On Tuesday, Oct. 8, political science students Calvin Henry and Samantha Mack presented their research on Alaska’s first governor, Bill Egan, and the impact his early decisions had on Alaska’s oil pipeline and fisheries policies related to Alaska Natives.
To back track a little, Bill Egan was a critical personality for Alaska as it made the delicate shift from a revenue-starved territory to full status as a state. His first term lasted from Jan. 3, 1959 through 1966. He served again from 1970-74.
Some interesting facts about Egan:
- He was a Democrat.
- He was born in Valdez, one of six children in a working-class mining family.
- His father died when Bill was just 10 years old, so he worked in a local cannery to help out his mother.
- He graduated as valedictorian of Valdez High School in 1932, and followed his godfather, Anthony Dimond, into politics.
- He would eventually win seats in the Alaska Territorial House of Representatives and Senate, and as mayor of Valdez.
- After World War II, once Alaska was connected to the Lower 48 by a highway, Alaska pressed for statehood, holding a Constitutional Convention. Egan decided to run for governor, succeeded, and helped the territory transition toward statehood. He did not win re-election again until 1970-74.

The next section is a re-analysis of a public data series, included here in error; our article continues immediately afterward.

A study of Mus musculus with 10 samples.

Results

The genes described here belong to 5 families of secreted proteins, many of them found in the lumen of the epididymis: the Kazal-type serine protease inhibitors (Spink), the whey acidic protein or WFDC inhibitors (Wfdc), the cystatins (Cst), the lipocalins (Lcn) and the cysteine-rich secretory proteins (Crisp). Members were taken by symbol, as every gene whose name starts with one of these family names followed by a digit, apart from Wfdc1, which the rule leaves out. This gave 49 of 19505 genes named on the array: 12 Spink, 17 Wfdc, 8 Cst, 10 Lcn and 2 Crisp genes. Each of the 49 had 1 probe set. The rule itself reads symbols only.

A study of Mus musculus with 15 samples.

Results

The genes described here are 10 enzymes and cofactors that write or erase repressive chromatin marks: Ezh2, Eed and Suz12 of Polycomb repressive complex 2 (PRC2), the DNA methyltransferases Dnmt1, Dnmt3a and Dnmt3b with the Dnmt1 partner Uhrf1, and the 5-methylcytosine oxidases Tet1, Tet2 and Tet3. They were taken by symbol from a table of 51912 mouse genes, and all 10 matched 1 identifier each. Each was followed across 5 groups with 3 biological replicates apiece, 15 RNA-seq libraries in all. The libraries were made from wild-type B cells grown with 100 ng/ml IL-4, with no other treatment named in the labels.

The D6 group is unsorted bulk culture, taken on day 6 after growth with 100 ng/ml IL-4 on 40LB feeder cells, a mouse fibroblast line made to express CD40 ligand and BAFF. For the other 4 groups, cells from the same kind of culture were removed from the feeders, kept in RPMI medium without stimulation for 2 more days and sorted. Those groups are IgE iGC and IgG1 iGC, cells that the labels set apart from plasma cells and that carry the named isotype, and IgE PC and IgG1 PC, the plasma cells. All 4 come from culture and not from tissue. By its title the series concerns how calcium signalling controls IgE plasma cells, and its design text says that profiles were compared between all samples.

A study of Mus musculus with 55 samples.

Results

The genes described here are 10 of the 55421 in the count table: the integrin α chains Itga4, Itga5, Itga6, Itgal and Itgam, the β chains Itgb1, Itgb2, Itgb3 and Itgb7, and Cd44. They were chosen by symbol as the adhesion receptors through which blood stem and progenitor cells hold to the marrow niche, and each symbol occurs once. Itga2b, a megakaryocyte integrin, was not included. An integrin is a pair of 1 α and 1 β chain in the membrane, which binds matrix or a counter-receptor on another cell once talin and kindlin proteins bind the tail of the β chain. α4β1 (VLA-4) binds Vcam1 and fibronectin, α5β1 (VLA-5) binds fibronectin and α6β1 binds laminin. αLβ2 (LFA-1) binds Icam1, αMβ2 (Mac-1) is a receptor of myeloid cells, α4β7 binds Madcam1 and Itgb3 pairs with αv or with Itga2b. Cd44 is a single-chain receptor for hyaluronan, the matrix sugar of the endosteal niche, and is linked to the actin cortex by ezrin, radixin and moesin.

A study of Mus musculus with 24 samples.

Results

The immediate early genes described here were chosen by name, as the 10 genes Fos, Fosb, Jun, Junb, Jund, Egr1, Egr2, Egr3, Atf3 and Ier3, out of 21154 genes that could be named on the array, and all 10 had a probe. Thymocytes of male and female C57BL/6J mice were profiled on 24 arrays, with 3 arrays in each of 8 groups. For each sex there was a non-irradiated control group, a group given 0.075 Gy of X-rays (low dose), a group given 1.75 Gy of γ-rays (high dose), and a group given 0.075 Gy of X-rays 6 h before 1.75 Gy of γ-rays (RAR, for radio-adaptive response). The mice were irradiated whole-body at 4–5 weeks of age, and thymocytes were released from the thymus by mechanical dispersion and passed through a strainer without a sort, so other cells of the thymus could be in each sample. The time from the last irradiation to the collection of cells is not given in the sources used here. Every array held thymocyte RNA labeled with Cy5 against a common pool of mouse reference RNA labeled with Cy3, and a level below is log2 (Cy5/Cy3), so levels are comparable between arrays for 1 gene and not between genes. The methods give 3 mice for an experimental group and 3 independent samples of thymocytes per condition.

- He was Alaskan of the Year in 1971 and won an Honorary Degree of Laws from the University of Alaska in 1972.
- He died in 1984.
Today Alaskans remember their first governor on Egan Day, Oct. 8, the very day this year that UAA’s two scholars presented their research before a public audience in UAA/APU Consortium Library, Room 307. Their work earned them Egan Awards.
That award is the effort of two Alaskans who served alongside Egan during the state’s earliest days. Eric Wohlforth, Egan’s commissioner of revenue, and Joe Henri, commissioner of administration, established a scholarship in his name in 2005. The award provides financial assistance to students majoring in political science or history at the University of Alaska Anchorage campus or Prince William Sound Community College. To qualify, students must research or study Egan, Alaska politics, history or statesmanship.
This year’s two award winners each earned $1,000 for their papers that tackled distinct areas of Egan’s policies: the oil pipeline negotiations, and fisheries policy early in statehood. You can hear their talks on this UAA podcast. Find a version of this story on the Anchorage Daily News website, published Oct. 20, 2013.